Why Amazon's Kindle is revolutionary

Surprising facts about Amazon's new Kindle e-book reader

Last April, I wrote a column titled, "Why e-books are bound to fail." My reasons: cost, the availability of better alternatives and, most importantly, book lovers love paper books.

I was wrong.

This week, I set out to deflate the hype about Amazon's new Kindle e-book reader and to tell you why it will fail. But while researching this column, I became convinced of the opposite: Kindle is revolutionary and will succeed in the market. Some percentage of book lovers, including me, will buy one to replace their beloved paper books, magazines and newspapers.

I'm not going to reproduce basic facts about Kindle widely covered elsewhere. If you want the basics, read the Newsweek cover story by Steven Levy, Linda Rosencrance's excellent Computerworld report or check out Amazon's own Kindle marketing page.

Instead, I'll reveal some surprising facts about Amazon's Kindle. But first let me tell you why the Kindle is such a revolutionary device.

Why Kindle rules

I've dissed and dismissed e-books for years. But three factors I didn't anticipate reversed my long-standing attitude.

Fast, free broadly distributed wireless. Amazon has actually out-Appled Apple in ease-of-use. Like the iPhone, Kindle lets you buy media -- books and periodicals, in this case -- without your PC. Unlike the iPhone, you can do that without ever being billed for wireless access. The free, unlimited wireless is just there. And it's not Wi-Fi, but mobile broadband; it connects anywhere a Sprint cell phone can connect (taxi cabs, the beach -- you name it).

Special extras for hardcore book and magazine lovers. My biggest complaint about e-books has been that book lovers love the look and feel of real paper books. But book lovers love other things, too, and Kindle gives them a long list of compensatory goodies. Amazon's US$9.99-and-under book pricing means book fans can buy more books. They can look up words in a dictionary, Wikipedia or on the Web right from the device. They get instant gratification by buying books from anywhere; books take a minute to download.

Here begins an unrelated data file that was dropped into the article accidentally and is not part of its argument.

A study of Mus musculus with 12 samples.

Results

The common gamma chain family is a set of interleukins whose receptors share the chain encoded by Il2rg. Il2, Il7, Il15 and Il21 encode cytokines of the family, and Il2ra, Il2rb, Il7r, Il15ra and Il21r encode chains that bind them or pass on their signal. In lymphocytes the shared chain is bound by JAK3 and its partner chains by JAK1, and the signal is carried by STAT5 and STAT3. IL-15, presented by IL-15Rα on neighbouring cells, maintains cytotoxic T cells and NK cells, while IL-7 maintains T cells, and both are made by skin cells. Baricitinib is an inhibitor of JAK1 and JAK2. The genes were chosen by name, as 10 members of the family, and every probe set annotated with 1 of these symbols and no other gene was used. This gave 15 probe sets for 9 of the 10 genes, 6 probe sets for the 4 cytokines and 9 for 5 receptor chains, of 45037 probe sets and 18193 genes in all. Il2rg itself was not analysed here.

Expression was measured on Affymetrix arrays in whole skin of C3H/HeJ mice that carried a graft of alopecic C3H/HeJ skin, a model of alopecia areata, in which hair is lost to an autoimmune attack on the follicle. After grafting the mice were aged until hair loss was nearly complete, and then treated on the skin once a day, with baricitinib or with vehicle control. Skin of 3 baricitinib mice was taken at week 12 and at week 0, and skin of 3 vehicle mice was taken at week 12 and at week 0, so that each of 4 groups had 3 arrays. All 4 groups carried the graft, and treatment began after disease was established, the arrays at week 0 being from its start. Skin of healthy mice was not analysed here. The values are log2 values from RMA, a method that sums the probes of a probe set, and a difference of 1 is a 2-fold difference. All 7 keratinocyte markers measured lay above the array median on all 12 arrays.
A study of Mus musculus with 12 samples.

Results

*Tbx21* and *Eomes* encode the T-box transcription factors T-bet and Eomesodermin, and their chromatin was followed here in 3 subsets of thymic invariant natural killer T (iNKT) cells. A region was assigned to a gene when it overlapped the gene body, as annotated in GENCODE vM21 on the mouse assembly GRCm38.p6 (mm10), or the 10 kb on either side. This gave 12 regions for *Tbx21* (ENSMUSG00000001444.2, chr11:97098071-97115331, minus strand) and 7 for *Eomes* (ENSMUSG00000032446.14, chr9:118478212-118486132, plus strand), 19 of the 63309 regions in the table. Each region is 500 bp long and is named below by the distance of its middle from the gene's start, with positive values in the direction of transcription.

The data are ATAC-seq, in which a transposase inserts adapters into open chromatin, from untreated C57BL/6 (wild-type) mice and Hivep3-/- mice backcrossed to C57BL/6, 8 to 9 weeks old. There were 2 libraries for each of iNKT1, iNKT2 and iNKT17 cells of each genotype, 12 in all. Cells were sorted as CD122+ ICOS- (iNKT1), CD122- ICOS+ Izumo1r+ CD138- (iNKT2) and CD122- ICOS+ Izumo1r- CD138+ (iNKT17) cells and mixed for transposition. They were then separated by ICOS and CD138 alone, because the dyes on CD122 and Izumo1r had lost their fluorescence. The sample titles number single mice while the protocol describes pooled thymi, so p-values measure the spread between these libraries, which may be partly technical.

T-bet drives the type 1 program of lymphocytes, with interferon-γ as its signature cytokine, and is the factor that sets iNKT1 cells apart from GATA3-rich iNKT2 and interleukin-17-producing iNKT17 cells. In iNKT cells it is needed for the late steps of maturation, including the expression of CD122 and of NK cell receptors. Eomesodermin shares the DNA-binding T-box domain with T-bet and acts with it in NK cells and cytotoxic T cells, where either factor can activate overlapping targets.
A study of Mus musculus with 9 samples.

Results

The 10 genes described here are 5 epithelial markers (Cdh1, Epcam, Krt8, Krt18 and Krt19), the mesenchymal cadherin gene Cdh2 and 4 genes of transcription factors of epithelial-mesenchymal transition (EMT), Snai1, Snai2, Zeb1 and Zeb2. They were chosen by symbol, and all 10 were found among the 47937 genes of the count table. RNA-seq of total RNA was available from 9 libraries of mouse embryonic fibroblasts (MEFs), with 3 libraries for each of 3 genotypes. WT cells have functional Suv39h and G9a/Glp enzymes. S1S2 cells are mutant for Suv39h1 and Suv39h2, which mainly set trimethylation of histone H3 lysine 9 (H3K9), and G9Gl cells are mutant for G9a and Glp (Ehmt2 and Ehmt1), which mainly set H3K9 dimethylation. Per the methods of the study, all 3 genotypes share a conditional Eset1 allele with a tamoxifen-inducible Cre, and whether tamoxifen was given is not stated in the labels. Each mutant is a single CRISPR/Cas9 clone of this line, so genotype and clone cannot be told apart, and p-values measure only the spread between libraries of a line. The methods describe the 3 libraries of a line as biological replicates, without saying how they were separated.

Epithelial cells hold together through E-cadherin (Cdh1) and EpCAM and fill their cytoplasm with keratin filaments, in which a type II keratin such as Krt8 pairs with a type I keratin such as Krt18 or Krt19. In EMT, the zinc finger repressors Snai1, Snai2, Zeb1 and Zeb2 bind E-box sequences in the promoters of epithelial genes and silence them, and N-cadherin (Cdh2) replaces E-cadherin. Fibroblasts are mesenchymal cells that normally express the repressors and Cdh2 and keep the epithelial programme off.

The seller and service provider -- Amazon. The company is uniquely positioned to provide this product and this service. Obviously, Amazon already sells books. The company long ago figured out the complexities of online book distribution and most book buyers already trust Amazon. And I don't mean we are "willing to trust." We already have Amazon accounts, and Amazon already has our credit card numbers.

Surprising facts about Kindle

Beyond all this, it's important to realize that Amazon's Kindle isn't just an e-book reader. It's a surprising new kind of device. Here are some of those surprises.

What you knew: Kindle can access Amazon.com and the Web to search Wikipedia via it's free wireless connection.

What you didn't know: You can just surf the Web in general. Kindle comes with a Web browser called Basic Web, which supports cookies, JavaScript and SSL, but doesn't support plug-ins like Flash or Shockwave or Java applets. Basic Web lets you type in a URL, click on links and generally surf the Web like you would on a PC.

What you knew: You can download and read any of the 88,000 books from Amazon.com -- and the list is growing.

What you didn't know: You can download a much larger selection of free e-books using the Kindle's Web browser -- many in Kindle-friendly .MOBI and .PRC formats. Text-based books are available, too. And if you don't like how these look in text-format (which you won't), you can convert to .MOBI and .PRC formats on your PC using free or cheap tools available online.

What you knew: Kindle connects free to Sprint's EV-DO 3G network.